The Lamb in Sheepshead (Bay)

25 Jan

What made our journey to Bay Shish Kebab, the restaurant I’ve reported on below, so memorable was not so much the food, which I recall was very good, but the effort it took to get there. This was Gerry’s pick and his research did not figure in how difficult it would be to get to Sheepshead Bay, where Bay Shish Kebab was located, from our respective locations in Manhattan and Westchester. The first attempt to get to Bay Shish Kebab was thwarted because of bumper to bumper traffic on the West Side Highway. To get to Sheepshead Bay at anywhere near the appointed time was next to impossible. Communicating through cellphones, we diverted to a mediocre, thus, unmemorable restaurant in Chinatown. Gerry tried again a month later, but on the day we were to go there were several cancellations; enough to cancel the outing altogether. Maybe it wasn’t to be; maybe Gerry just had to pick another destination? But no, he was determined and a month later, we set out again for Sheepshead Bay.

Bay Shish Kebab
R.I.P

Gerry was insistent. He wouldn’t let the hour and a half drive to Sheepshead Bay be a deterrent in his pursuit of Bay Shish Kebab. Despite repeated protestations by his fellow food hounds and even after two failed tries, he would not give up his obsessive quest. This was becoming an Iraq-like fiasco with no end in sight. We had no choice but to gas up our vehicles and be prepared to sit in rush hour traffic in the middle of two of New York’s worst thoroughfares; the BQE for Gerry and Eugene and the West Side Highway for myself and Zio. But enduring the horrific drive would be the only way to free Gerry from the demons that were driving him to lead us all into the outer fringes of Brooklyn for what he had us believe would be the exotic cuisine of Uzbekistan.

 

 

There were no miracles; the trip did take an hour and a half with a foreboding sky-darkening downpour accompanying us throughout the journey. Even more foreboding was the fact that we were eating at a Muslim-run establishment on the beginning of the Jewish New Year. But, after numerous griping calls to Gerry as we sat in traffic, we finally made it to Sheepshead Bay and the elusive Bay Shish Kebab.

The restaurant, nestled prominently in the middle of a strip mall, was bright, and practically empty, yet the owners were waiting anxiously for “Gerry’s party.” Of course we were ravenous and thankfully pide, or freshly-baked Turkish bread, was brought to the table. The bread was Turkish, as were most of the items on the menu. There were a few Uzbek dishes, but the owner proclaimed that Bay Shish Kebab was a Turkish restaurant, not a Uzbek restaurant.

 

 

As soon a Rick arrived; his drive from Carroll Gardens, Brooklyn a mere 25 minutes, we began to order; cold mixed appetizers, mantu dumplings, and Turkish pies, similar to pizza, but minus the tomato sauce and heavy on the lamb. The mixed appetizers were mostly familiar; babagannus (as it was spelled on the menu), humus (also how it was spelled on the menu), stuffed grape leaves, tabuleh, but also a few surprises including a Turkish specialty called soslu patlican, eggplant with tomatoes, peppers, onions in a peppery red sauce. The pide was perfect to soak up the dips. Then the Turkish pies arrived along with the mantu dumplings, tiny ravioli-like dumplings stuffed with ground meat and swimming in Turkish yogurt.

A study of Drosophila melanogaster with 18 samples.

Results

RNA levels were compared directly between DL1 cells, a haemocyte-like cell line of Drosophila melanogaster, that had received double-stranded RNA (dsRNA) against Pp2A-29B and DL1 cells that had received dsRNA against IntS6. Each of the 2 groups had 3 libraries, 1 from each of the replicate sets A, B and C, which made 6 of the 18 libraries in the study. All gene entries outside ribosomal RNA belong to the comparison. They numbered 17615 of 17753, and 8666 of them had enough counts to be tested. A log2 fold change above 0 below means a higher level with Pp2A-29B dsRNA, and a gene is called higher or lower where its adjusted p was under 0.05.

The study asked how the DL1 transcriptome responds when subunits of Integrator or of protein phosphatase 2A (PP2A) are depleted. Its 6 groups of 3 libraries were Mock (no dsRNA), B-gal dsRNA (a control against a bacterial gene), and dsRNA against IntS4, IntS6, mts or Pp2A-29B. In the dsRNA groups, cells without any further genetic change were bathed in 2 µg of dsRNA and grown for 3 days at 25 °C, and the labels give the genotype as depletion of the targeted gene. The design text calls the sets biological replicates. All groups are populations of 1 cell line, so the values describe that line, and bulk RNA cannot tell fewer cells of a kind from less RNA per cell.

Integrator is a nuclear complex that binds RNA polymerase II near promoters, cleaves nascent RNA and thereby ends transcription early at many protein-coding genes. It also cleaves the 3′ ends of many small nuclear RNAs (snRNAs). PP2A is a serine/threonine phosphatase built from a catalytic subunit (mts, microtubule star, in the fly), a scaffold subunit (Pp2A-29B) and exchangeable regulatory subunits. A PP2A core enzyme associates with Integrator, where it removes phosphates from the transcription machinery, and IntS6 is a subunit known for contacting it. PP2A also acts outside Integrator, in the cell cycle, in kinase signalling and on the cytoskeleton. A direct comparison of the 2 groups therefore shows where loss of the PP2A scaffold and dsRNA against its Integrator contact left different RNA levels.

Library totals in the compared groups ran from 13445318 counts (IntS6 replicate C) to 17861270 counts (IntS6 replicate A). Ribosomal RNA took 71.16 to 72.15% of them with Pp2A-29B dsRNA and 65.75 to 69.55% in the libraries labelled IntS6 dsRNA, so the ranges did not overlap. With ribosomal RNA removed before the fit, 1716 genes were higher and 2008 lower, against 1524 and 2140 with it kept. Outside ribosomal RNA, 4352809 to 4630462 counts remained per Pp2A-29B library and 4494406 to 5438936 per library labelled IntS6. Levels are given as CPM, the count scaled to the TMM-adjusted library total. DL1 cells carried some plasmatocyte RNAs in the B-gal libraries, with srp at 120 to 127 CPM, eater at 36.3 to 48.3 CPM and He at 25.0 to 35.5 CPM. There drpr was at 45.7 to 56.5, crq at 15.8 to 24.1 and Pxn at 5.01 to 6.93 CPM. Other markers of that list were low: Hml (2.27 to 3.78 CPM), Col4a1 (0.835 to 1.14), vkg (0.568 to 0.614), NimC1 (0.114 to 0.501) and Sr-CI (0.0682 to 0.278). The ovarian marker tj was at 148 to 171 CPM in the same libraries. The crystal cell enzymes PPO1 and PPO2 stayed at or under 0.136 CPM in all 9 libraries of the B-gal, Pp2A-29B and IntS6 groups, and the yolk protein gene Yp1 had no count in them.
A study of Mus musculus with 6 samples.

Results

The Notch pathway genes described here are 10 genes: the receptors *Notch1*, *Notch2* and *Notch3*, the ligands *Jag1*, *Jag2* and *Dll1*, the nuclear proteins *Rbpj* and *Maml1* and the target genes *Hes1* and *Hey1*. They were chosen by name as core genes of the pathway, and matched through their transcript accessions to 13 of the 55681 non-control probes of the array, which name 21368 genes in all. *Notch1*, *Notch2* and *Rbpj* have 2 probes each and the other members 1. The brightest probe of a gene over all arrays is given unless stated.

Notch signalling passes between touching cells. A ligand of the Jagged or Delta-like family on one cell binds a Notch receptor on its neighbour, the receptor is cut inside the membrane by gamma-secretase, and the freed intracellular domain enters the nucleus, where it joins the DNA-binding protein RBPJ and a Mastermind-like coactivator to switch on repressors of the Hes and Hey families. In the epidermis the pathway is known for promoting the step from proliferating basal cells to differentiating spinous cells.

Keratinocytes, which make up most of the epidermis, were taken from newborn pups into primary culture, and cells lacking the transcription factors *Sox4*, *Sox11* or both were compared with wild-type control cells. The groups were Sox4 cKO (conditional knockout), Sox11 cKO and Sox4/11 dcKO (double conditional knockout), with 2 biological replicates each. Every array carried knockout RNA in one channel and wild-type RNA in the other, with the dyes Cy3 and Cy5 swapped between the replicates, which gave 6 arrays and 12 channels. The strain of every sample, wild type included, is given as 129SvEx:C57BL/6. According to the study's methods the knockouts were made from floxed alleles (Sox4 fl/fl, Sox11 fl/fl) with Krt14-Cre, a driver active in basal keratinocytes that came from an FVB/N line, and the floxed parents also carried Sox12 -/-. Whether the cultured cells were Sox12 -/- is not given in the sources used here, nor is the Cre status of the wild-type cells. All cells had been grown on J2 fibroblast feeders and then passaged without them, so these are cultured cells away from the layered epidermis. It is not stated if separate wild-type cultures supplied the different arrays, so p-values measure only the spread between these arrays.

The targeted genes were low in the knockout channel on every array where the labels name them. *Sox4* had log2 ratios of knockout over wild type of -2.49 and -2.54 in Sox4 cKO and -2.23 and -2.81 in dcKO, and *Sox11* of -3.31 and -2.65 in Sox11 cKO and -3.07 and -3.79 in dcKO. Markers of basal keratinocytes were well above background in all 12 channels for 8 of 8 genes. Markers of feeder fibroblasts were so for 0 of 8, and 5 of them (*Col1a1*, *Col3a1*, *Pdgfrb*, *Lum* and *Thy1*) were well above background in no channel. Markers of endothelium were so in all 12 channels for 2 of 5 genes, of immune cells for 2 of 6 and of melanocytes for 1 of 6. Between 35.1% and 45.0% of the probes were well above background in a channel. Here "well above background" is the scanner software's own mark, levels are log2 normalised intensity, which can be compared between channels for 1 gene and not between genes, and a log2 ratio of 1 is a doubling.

Of course, the appetizers alone could have sustained us, but we were here for the famed kebabs. With the exception of chicken, the kebabs were all variations of lamb—hand-chopped, cubed, diced, and sliced. We ordered an assortment and one Uzbek specialty, palav, also known as pilaf, or rice with chunks of lamb, onions, carrots, and chick peas. The platters were gargantuan with the variations of lamb and chicken served either over rice or soaked in yogurt that was absorbed by cubes of bread and accompanied with hollowed-out, slightly hot peppers. The table suddenly became quiet as we began to work through the mounds of food, Zio, as usual, deft with his fork, leading the way. Gerry’s folly, and the long journey had been temporarily forgotten.

After all the meat, dessert was out of the question for me, but Gerry and Zio had much more in their reserves than I and ordered the Turkish rice pudding. They will have to elaborate on what made the rice pudding distinctly Turkish, as opposed to the familiar Greek variety.  Others thought coffee might help digest the enormous quantity of lamb we had just ingested, but the look on Eugene’s face when he took his first sip of his Turkish coffee was not promising. It brought back memories of the famed Filipino dessert with kidney beans and the Russian soft drink, Kavas; two of Eugene’s less than favorite exotic global eating experiences.

We were all quite content with Bay Shish Kebab and proclaimed it a winner until we received the check and Eugene added up the damage. We were way above our $20 budget for this one, but knowing how bizarrely meaningful this pick was to Gerry, let him slide. Next time, however, he will be held accountable.

 

 

Like Staten Island, where there are potentially many places that would fit our criteria, getting to Sheepshead Bay during the week at the height of rush hour, makes it next to impossible to venture. Maybe someday soon we will rise to the challenge. As for Bay Shish Kebab, my research has shown that it closed in mid-2010 for “renovations.” In other words:  R.I.P. Bay Shish Kebab.